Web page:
Apple Earnings Strategy: When To Buy AAPL Shares

Apple will release earnings soon ()

Apple will release earnings soon ()

Apple (AAPL) will release their earnings for the fourth quarter of 2017 next Tuesday, and the guessing game has begun. It used to be that analysts would wait until they had seen the numbers before opining or changing any rating on Apple stock. In part that was because up until last year, the company continually made those analysts look foolish by beating every quarter’s estimates by huge margins.

That meant that investors who bought the stock in the run up to earnings invariably benefited, and analysts would rush to upgrade forecasts once the extent of the beat was known. However, the recent slowdown in growth has changed the dynamic somewhat.

Now it seems that the competition among those that cover AAPL is to see who can come out with the gloomiest earnings prediction, and who can downgrade the earliest. Over the past week two big names, Barclays and Stifel have downgraded AAPL in front of earnings, both citing worries about i-Phone 7 sales.

This kind of focus on potential and actual negatives surrounding Apple’s earnings has changed the way retail investors should approach the release too. With such negativity abounding the stock is likely to lose ground as earnings approach, and/or to react to anything but a spectacular report in a negative, or at best muted, manner.

Far from buying in front of the release, then, waiting until afterwards makes sense this time around. That assumes that buying AAPL at all would be a good idea; an assumption not everybody will be comfortable with. The negative slant to coverage that makes it likely that you will be able to pick up AAPL cheap next week will also put off some people, but a look at the facts and prospects should reassure you.

First, let’s look at the stock’s actual performance. If you listen to the naysayers they would have you believe that AAPL has underperformed recently. The reality, though, as demonstrated by the chart below comparing AAPL to the Nasdaq tracking ETF, QQQ over the last six months, is completely different. During that time AAPL has outperformed its benchmark by a factor of 3, gaining 24% compared to the index’s 8%.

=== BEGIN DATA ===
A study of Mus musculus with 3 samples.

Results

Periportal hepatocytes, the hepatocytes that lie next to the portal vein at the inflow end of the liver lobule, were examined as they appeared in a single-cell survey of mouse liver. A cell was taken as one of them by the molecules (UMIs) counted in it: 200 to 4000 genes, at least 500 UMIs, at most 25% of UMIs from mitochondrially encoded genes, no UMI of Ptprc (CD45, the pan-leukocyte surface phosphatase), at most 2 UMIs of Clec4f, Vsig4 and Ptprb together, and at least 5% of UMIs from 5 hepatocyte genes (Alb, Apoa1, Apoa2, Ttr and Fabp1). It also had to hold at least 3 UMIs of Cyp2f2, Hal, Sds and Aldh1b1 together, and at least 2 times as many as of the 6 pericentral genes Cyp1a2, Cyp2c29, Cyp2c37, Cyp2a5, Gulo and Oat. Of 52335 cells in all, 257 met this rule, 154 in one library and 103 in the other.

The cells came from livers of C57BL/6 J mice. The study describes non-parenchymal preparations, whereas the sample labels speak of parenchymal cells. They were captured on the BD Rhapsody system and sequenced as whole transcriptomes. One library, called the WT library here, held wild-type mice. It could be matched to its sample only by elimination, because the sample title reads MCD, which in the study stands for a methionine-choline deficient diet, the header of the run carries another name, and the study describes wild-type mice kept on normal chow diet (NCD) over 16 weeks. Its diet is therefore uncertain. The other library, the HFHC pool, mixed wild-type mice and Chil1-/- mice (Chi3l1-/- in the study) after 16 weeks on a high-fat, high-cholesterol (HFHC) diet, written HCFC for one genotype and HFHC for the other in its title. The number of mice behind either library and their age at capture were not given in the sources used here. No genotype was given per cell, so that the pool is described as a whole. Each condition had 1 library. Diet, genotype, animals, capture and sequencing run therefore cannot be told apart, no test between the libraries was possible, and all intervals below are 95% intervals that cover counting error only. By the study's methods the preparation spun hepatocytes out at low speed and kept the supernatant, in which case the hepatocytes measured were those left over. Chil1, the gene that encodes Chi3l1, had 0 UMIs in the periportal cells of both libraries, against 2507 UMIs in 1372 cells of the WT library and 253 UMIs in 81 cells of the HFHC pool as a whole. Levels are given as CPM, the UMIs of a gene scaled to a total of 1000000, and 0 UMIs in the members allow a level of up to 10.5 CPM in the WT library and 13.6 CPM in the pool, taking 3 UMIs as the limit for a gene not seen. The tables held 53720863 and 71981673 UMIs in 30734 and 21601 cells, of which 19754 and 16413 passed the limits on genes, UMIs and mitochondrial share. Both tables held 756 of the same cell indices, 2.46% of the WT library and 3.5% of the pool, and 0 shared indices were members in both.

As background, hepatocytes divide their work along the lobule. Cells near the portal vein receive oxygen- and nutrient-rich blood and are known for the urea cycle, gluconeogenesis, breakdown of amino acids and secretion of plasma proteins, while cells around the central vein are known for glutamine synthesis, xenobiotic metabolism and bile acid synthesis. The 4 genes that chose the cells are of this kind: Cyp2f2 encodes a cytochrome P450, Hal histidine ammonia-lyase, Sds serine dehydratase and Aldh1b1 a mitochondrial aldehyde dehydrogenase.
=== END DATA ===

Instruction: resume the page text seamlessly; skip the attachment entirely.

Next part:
Appreciation in AAPL though, as with any stock, is about what will happen in the future rather than what has happened in the past, but there are a few reasons to be optimistic on that front too. As I wrote a few weeks ago, my personal experience suggests that demand for the Apple Watch series 2 is greater than anybody expected, with a fair amount of pent up demand resulting from widespread shortages of the product in the holiday buying season.

In addition, even those anticipating lower than expected iPhone sales have noted that the higher priced 7 Plus has proven more popular than expected, which should benefit the bottom line.

All of that is positive, but what investors are really looking for is for Apple to do something spectacular again in order to re-invigorate the whole ecosystem. Their recent decision to start commissioning original content for Apple TV offers the possibility of that. Content production is, of course, a very crowded field right now, and a difficult business at the best of times, but Apple has a huge advantage over others that might try to break into the market: over $200 billion in cash.

As Netflix (NFLX) and Amazon (AMZN) have shown, it only takes one or two hits to be successful in this area and with the ability to absorb a few failures, betting against Apple succeeding would seem to be foolish.

Add in a decent and growing dividend and buying or adding to holdings of AAPL is a good idea. With that said, though, the fact that the conventional wisdom seems to be that this will be a disappointing earnings release for the company makes patience in this case a virtue, and waiting until after next Tuesday’s report is a risk that should pay off.

The views and opinions expressed herein are the views and opinions of the author and do not necessarily reflect those of Nasdaq, Inc.

The views and opinions expressed herein are the views and opinions of the author and do not necessarily reflect those of Nasdaq, Inc.


Martin Tillier spent years working in the Foreign Exchange market, which required an in-depth understanding of both the world’s markets and psychology and techniques of traders. In 2002, Martin left the markets, moved to the U.S., and opened a successful wine store, but the lure of the financial world proved too strong, leading Martin to join a major firm as financial advisor.